1 September 2011 No Comment

Hobart Activites
You’ll quickly discover that a little bit of rain does not deter Tasmanians, and it shouldn’t put a stop to your fun either. Outdoor attractions like the Salamanca Market will still be open and buzzing if it’s drizzly.

Rain might kill your plans to go up Mount Wellington, but there are plenty of other things to do in Hobart that will keep you dry and entertained.

Tasmanian Museum and Art Gallery
Currently undergoing redevelopment but still open almost every day of the year, TMAG has something for everyone. There’s wildlife, history, art and a fascinating section dedicated to the Antarctic region. Even better, it is free.

City bus tour
The good old red double decker bus and the ‘tram bus’ (yes, it’s a bus painted up as a tram) are both great ways to orient yourself in Hobart, learn a little about its history and see some of the major sights. You can get off along the way, but if it’s really wet you can stay on board and simply enjoy the view and commentary. Trips run from the Tasmanian Travel & Information Centre in Davey Street.

Cascade Brewery
Australia’s oldest continuously operating brewery is only five minutes drive from the city centre. It’s not just about beer – Cascade also makes a range of fruit juices and sodas. You can take a two-hour tour to learn about the brewing process. Note that bookings must be made in advance, and you’ll need to wear long trousers and covered shoes for safety reasons. There are lots of stairs to climb, but you can reward yourself by sampling the wares at the end.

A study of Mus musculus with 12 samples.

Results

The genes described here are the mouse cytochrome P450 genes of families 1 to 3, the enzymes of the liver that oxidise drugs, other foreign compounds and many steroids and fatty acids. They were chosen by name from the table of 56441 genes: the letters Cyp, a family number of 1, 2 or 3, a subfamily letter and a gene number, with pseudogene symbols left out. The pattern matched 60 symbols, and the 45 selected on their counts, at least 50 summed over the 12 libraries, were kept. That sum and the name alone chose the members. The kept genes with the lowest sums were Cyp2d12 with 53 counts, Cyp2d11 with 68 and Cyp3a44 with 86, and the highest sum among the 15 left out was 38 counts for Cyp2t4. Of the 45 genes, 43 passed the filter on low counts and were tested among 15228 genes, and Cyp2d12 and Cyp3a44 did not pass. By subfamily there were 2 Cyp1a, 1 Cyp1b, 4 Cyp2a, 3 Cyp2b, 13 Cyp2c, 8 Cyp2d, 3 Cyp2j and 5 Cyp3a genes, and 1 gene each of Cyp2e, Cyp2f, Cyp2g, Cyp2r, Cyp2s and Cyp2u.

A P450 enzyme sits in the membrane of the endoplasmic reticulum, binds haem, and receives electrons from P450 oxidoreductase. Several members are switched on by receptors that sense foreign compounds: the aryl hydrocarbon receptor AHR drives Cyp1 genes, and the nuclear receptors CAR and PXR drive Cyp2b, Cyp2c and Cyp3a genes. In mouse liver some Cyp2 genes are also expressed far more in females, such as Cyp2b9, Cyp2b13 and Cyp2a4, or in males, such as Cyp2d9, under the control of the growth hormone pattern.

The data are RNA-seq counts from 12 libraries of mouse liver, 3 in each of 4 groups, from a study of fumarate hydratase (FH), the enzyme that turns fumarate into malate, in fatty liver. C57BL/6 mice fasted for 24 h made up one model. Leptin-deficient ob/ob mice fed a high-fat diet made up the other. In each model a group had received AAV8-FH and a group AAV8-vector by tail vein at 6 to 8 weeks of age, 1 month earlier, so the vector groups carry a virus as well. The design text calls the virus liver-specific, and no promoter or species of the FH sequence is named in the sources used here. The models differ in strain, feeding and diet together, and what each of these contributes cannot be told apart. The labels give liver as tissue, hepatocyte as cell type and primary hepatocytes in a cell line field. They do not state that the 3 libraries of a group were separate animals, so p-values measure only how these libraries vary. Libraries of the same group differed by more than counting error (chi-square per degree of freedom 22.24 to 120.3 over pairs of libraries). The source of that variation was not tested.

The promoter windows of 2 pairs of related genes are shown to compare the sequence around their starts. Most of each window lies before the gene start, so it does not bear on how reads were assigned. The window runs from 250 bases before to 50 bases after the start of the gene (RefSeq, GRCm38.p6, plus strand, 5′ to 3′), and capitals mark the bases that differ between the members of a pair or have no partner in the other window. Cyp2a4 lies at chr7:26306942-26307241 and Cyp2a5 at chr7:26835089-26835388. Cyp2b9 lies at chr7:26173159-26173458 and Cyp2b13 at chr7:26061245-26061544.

MONA
The ferry ride up the Derwent to the Museum of Old and New Art might not be so great in the rain, but you can also get there by bus. Tasmania’s newest attraction has brought visitors from near and far – with good reason. It’s like a villain’s lair filled with amazing art to challenge the senses. Visit the MONA ferry wharf in Brooke Street to find out more.

Maritime Museum of Tasmania
Tales of whaling, early explorers and shipwrecks await in this collection to help you discover Tasmania’s rich maritime past. It’s on the corner of Davey and Argyle Streets and open almost every day of the year.

If these ideas don’t appeal, you can always grab a coat and umbrella and get out there with the locals. Or take shelter in one of Hobart’s many fine eating and drinking establishments and soak up the atmosphere.

Susan Moore lives in Tasmania’s Huon Valley. She shares  a glimpse of daily life in Tasmania, as written by a “blow in” from the mainland,  on her fascinating site Houn View. Don’t forget to subscribe to receive her regular articles.